May 28, 2021
Each day, I reflect upon a word or phrase from the readings of the day. I encourage you to do the same and perhaps incorporate that word or phrase into your daily prayer.
They came to Jerusalem, and on entering the temple area he began to drive out those selling and buying there.
He overturned the tables of the money changers and the seats of those who were selling doves. (Mark 11:11-26)
ANGER: There are a handful of gospel passages that make us say, “I wish Jesus hadn’t done that” or “I wish Jesus hadn’t said that.” These passages make us uncomfortable.
For instance, we wish Jesus hadn’t overturned the tables of the moneychangers and driven them out of the temple. Couldn’t he have talked it over with them first, calmly expressing His point of view?
Why was Jesus so angry?
The temple, for the Jewish people, was the very dwelling place of God on earth, the place where heaven and earth met. It was the place where harmony between divinity and humanity was achieved, where the one true God was honored and worshipped. It was a sacred house of prayer, especially during the time of Passover, the height of the Jewish year.
Keeping that in mind, Jesus encountered not a house of prayer, not a sacred place, but a marketplace.
What Jesus encountered was not coffee and donuts in the narthex. It was sacrilegious chaos. It was not only physically dirty; it was spiritually and ethically dirty. The temple was in need of cleansing. That’s why Jesus was angry.
Let’s compare our anger to that of Jesus. We generally get angry when someone offends us or keeps us from doing something we want to do. We get angry when we want something for ourselves, but don’t get it. In other words, our anger is most often centered on ourselves and our desires.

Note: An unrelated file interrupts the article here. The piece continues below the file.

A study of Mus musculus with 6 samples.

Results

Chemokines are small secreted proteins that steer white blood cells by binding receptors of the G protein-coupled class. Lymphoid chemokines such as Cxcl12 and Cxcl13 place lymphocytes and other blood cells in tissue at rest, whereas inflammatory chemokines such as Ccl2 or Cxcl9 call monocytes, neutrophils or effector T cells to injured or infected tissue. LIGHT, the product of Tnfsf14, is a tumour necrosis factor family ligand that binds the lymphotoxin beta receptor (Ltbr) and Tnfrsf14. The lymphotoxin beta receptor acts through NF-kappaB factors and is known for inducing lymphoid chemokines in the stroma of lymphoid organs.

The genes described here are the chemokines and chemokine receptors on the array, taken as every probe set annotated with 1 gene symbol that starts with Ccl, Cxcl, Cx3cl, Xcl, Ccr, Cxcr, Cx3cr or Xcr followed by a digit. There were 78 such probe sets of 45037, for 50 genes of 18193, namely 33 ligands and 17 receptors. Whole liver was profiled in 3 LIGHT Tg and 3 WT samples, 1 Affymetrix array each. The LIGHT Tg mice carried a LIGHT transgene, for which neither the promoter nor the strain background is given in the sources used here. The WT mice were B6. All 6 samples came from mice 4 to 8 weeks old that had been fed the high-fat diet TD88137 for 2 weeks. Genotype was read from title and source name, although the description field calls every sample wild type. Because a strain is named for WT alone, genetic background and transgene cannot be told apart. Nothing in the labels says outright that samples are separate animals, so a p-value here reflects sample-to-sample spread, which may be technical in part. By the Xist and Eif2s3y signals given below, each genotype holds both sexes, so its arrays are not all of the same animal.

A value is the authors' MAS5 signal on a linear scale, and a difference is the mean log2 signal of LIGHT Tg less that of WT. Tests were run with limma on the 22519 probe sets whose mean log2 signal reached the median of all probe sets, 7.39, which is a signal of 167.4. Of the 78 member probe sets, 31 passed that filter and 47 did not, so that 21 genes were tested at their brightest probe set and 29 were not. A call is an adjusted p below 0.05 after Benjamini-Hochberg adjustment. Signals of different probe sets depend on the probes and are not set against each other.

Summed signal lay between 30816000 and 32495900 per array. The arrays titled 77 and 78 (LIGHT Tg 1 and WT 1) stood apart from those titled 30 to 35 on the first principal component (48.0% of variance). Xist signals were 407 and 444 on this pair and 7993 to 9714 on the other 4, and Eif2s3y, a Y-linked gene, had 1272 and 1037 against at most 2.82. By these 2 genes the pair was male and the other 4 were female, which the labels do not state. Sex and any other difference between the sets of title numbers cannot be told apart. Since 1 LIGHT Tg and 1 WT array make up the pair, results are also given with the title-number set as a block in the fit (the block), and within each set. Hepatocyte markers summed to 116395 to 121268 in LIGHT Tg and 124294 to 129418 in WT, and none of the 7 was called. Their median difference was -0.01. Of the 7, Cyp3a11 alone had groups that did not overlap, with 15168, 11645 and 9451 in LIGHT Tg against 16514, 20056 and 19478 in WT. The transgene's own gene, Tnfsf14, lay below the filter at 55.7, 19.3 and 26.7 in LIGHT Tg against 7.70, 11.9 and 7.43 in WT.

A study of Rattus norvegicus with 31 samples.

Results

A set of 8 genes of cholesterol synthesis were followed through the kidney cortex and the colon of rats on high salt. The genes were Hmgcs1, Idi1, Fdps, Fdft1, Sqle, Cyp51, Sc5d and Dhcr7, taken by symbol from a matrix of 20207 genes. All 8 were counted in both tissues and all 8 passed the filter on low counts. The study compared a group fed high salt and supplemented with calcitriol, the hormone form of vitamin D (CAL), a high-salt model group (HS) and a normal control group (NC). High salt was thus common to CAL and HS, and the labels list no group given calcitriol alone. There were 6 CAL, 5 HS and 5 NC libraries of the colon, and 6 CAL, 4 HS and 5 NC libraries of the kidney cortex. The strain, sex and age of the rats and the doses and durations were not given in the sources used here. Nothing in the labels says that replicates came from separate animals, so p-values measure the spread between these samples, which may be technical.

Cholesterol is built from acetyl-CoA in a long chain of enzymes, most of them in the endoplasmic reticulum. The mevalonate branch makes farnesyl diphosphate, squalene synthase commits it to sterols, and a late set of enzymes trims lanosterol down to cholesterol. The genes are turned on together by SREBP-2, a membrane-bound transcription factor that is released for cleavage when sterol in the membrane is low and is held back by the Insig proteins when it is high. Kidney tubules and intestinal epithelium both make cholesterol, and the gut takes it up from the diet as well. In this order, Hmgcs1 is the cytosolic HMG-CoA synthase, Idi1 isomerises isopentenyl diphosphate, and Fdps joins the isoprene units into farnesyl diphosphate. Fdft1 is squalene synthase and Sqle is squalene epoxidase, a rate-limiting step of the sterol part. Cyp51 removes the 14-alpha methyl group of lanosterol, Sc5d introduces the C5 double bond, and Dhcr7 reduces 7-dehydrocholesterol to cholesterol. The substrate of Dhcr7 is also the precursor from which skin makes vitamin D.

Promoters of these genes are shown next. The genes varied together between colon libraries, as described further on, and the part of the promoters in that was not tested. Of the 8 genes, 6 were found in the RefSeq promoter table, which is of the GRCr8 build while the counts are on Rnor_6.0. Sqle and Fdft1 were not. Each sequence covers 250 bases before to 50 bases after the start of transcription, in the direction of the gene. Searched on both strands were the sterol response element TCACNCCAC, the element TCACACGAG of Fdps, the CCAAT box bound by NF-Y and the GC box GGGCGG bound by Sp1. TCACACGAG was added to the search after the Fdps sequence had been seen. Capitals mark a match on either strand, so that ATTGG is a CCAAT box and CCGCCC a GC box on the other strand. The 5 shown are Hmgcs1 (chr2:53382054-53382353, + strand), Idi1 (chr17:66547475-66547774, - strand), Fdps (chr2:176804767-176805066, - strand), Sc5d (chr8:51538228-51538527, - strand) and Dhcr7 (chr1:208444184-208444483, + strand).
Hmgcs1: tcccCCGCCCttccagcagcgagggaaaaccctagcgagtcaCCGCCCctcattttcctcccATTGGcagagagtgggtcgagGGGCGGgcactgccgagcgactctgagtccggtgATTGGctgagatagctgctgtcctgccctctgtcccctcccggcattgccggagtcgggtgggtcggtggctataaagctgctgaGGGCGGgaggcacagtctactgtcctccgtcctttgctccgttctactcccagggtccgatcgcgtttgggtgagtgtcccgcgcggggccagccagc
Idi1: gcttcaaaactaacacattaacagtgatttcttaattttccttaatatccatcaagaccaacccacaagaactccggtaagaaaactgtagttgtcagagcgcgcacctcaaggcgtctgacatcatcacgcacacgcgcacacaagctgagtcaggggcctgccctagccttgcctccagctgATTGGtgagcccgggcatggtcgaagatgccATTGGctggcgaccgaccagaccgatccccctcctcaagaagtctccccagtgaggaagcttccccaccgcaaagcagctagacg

In comparison, Jesus was angry because the actions of those in the temple offended God. He was angry because the merchants were treating God’s house with contempt. They were cheating the people who came to worship, manipulating sacrificial law to benefit themselves. Instead of a selfish anger, Jesus acted out of a righteous anger. The anger of Jesus wasn’t self-directed; he defended the holiness of his Father’s temple.
So, is it ever OK for us to get angry?
The short answer is, “Yes, absolutely!” As a matter of fact, Catholic social teaching calls us to anger – when we see God’s kingdom under attack, when we see the dignity of life disregarded, when we see those most vulnerable enduring neglect and abuse, when grave sin is flaunted before us, when we witness evil that profanes God’s holiness. Absolutely we should be angry, and we should act on that anger.
This anger should be a righteous anger focused on what offends God. It should be an anger governed by love, directed not at people, but at the actions that are offensive. We are not perfect – our actions offend God at times too – so peace and compassion must be a part of our righteous anger.